Compared to other professional sports, the NBA Draft is as top-heavy as it gets. The second round hardly ever produces more than bench players. It can even be hard to find value with later first-round selections. As such, when teams manage to secure a top-5 pick, it’s crucial that they get them right. RJ Barrett may have played a key role in Duke’s success this season, but is he truly the franchise player teams are looking for?
Barrett in 2018
- Barrett teamed up with fellow top-five recruits Zion Williamson and Cam Reddish on the Duke Blue Devils, collecting a No. 1 seed before falling to Michigan State in the Elite Eight — thanks in part to a big faux pas by Barrett.
- While Duke struggled when Williamson went down with an injury, Barrett still played a big role on the team, scoring 22.6 points per game, good for 15th-best in the country.
- Despite being overshadowed by Williamson for much of the season, Barrett won a number of awards for his performances, including USA Today’s Player of the Year and the Jerry West Award for the top shooting guard.
The criticisms: While Barrett may have had a stellar 2018 season, NBA scouts remain critical about select aspects of his game.
- As is the territory that comes with being the best player in college basketball, Barrett gained a reputation as being selfish with the basketball by not passing to Williamson. He has a tendency to lock in on his defenders and will try to beat them individually, rather than passing the ball.
- With a dominant left hand, Barrett’s ball-handling is fairly one-sided, and his right hand needs improvement to be successful at the next level. He also has a lack of passing vision, and can get sloppy trying to push the ball.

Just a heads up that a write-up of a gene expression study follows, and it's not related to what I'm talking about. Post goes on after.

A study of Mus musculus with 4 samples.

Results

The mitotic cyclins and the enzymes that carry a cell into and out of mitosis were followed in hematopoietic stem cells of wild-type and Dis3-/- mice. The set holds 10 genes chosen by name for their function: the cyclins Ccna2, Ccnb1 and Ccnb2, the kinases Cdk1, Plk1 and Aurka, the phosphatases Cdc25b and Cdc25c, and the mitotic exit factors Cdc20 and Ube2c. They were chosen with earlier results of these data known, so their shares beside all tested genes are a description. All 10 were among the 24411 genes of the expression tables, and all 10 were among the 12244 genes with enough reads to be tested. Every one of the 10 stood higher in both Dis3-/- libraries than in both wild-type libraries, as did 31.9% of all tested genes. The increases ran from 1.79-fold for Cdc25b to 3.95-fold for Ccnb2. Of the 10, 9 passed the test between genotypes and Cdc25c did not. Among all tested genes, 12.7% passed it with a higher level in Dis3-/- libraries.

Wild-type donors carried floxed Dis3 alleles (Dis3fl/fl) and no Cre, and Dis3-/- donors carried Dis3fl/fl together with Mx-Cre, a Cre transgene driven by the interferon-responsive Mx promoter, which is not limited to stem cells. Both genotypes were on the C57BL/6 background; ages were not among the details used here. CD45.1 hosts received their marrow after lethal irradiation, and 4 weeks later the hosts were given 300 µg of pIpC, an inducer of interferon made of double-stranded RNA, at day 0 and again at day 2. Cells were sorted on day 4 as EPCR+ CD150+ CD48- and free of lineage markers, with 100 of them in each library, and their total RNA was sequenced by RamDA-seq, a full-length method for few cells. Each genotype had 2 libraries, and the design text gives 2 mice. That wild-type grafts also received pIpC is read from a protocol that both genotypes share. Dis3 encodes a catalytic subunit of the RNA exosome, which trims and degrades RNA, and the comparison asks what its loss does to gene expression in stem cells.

- Shot selection is another area where Barrett can improve, including long jump shots. His ability to finish in the paint isn’t polished yet, and his free-throw percent was also poor in 2018.
The good news for NBA teams evaluating Barrett’s ability is that they have years of players and data to compare him to.
In the past five NBA drafts, 20 college basketball players have been selected in the top five, and comparing them to Barrett shows the true potential of the former Blue Devil.
The numbers don’t lie: Barrett put up better numbers than the average top-5 pick.
- The past 20 top-5 picks combined to average 17.1 points, 7.2 rebounds and 3.2 assists per game.
- In 2018, Barrett averaged 22.6 points per game, 7.6 rebounds and 4.3 assists per game. His college stats place him above the likes of Ben Simmons, Brandon Ingram and Jaylen Brown.
- Even the most obvious knock on Barrett, his 66.5% free-throw shooting, isn’t far from the average of 69.5% among the top-five draftees.
The flip side: While Barrett’s totals may be impressive, efficiency statistics paint a different picture.
- He may have averaged 22.6 points per game, but Barrett took 18.5 shots per game, a big jump from the average of 12. He converted those opportunities at a much lower rate than expected, shooting just 45.4% compared to the average of 51.2%.
- The same story repeated itself from three-point range, with three more attempts than average, and a drop from the status quo of 34.8% to his 30.8% clip.
- Additionally, Barrett was sloppy with the ball in college, turning it over 3.2 times per game, 0.6 greater than the baseline top pick.
A fair comparison: Barrett stacks up well against Jayson Tatum’s college days
- Both Tatum and Barrett went one-and-done at Duke, and are similarly built. Barrett stands at 6-foot-7 and 202 pounds, and Tatum is 6-foot-8 and 208 pounds.
- The two players both shot 45% from the floor, and while Tatum sunk his three-pointers and free throws at a better rate than Barrett, his assists and rebounds didn’t stack up to Barrett in college.
- A consistent contributor for the Boston Celtics, Tatum has averaged 14.8 points, 5.5 rebounds and 2.1 assists per game. Teams drafting Barrett could expect similar numbers, if not better, depending on volume.
The verdict: While RJ Barrett is not without weaknesses, nothing about his year at Duke suggests he will be a bust. Placed against previous top-five picks, Barrett holds his own in many ways, and projects to be a great asset to whichever NBA team selects him.